My name is Karen Talbot. I am a licensed therapist (LCSW) and a Certified Clinical Trauma Professional at South Davis Psychological Services. I specialize in providing therapy for children, youth, adults, and families going through trauma. Every person has a unique way of processing their emotions and thoughts. Some will repeat their trauma story over and over. Others, like children, like to re-enact what happened. Some prefer to write their feelings and thoughts out. I utilize cognitive, dialectical, narrative, and play therapies as methods to help children and adults process about their feelings and thoughts.

I believe it is important to involve parents in the counseling process with their children. When parents learn the skills being taught to their children, they can reinforce the skills in the home and community.

Skills I work on teaching children, youth, and families include mindfulness, emotional regulation, distress tolerance, interpersonal relationship, and walking the middle path. Learning these skills will make a difference in the lives of everyone involved.

Mindfulness skills involve being aware of your surroundings, your own emotions, and your own thoughts. Practicing mindfulness skills can help a person be more aware of how their surroundings may be affecting them. Mindfulness skills teach a person how to quiet their own mind and let go of stress. This can be done through either guided relaxation scripts or self-visualizations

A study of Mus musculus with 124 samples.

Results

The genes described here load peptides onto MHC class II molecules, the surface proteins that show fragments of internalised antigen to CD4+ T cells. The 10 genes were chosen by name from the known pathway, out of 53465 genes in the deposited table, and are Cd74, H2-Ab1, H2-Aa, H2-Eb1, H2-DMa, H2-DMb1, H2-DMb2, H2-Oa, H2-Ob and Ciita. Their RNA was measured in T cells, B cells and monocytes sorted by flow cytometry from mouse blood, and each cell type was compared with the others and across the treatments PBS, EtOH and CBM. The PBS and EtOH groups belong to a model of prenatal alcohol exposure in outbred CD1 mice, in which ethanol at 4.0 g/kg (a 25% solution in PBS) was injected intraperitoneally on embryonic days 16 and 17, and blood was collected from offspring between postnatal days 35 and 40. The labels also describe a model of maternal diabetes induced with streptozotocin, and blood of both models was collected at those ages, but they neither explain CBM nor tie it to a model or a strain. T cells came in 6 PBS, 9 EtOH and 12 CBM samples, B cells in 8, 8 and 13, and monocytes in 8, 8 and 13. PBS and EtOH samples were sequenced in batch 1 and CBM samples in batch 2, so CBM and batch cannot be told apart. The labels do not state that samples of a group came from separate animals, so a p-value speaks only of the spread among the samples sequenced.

Emotional regulation skills involve learning how to regulate your own emotions and thoughts. Practicing emotional regulation skills can help a person be able to process their emotions better. Emotional regulation skills teach a person how to recognize their own emotions and learn how to regulate them in a safe manner.

Distress tolerance skills involve learning skills to deal with intense emotions and pain. Distress tolerance skills involve creating a safety plan for the person that can be followed at home and in the community. Practicing distress tolerance skills helps a person to be able to find alternatives to self-harming behaviors.

Interpersonal relationship skills focus on teaching skills on how to relate and get along with others. It focuses on teaching about both self-value and the value of others. Practicing interpersonal relationships skills can help a person better their relationships with those they love.

Walking the middle path involves understanding about thinking errors and how thinking errors affect a person’s behaviors, emotions, and thoughts. It focuses on teaching about how to navigate through problems and dilemmas. Practicing this skill can help a person learn to problems solve and realize when they are having thinking errors which are impacting their actions and relationships.

One of the skills I utilize in therapy with children, youth, and adults suffering from trauma is called the 5-4-3-2-1 Grounding Technique. Utilizing this technique helps to bring a person out of the memories of their past and back to the present moment and time. To use this skill, a parent would first have their child tell them things they can see. Have the child focus on the present where they are at in the moment. Second, have the child tell four things they can touch or feel with their hands. Third, have the child tell three things they can hear. Fourth, have the child take a deep breath and tell two things they can smell. Lastly, have the child say one thing they can taste. (It helps to have a small mint or piece of gum to give the child.)

If you are interested in obtaining therapy for your child, youth, or family, feel free to contact South Davis Psychological Services at 801-872-6324 with any questions or to make an appointment.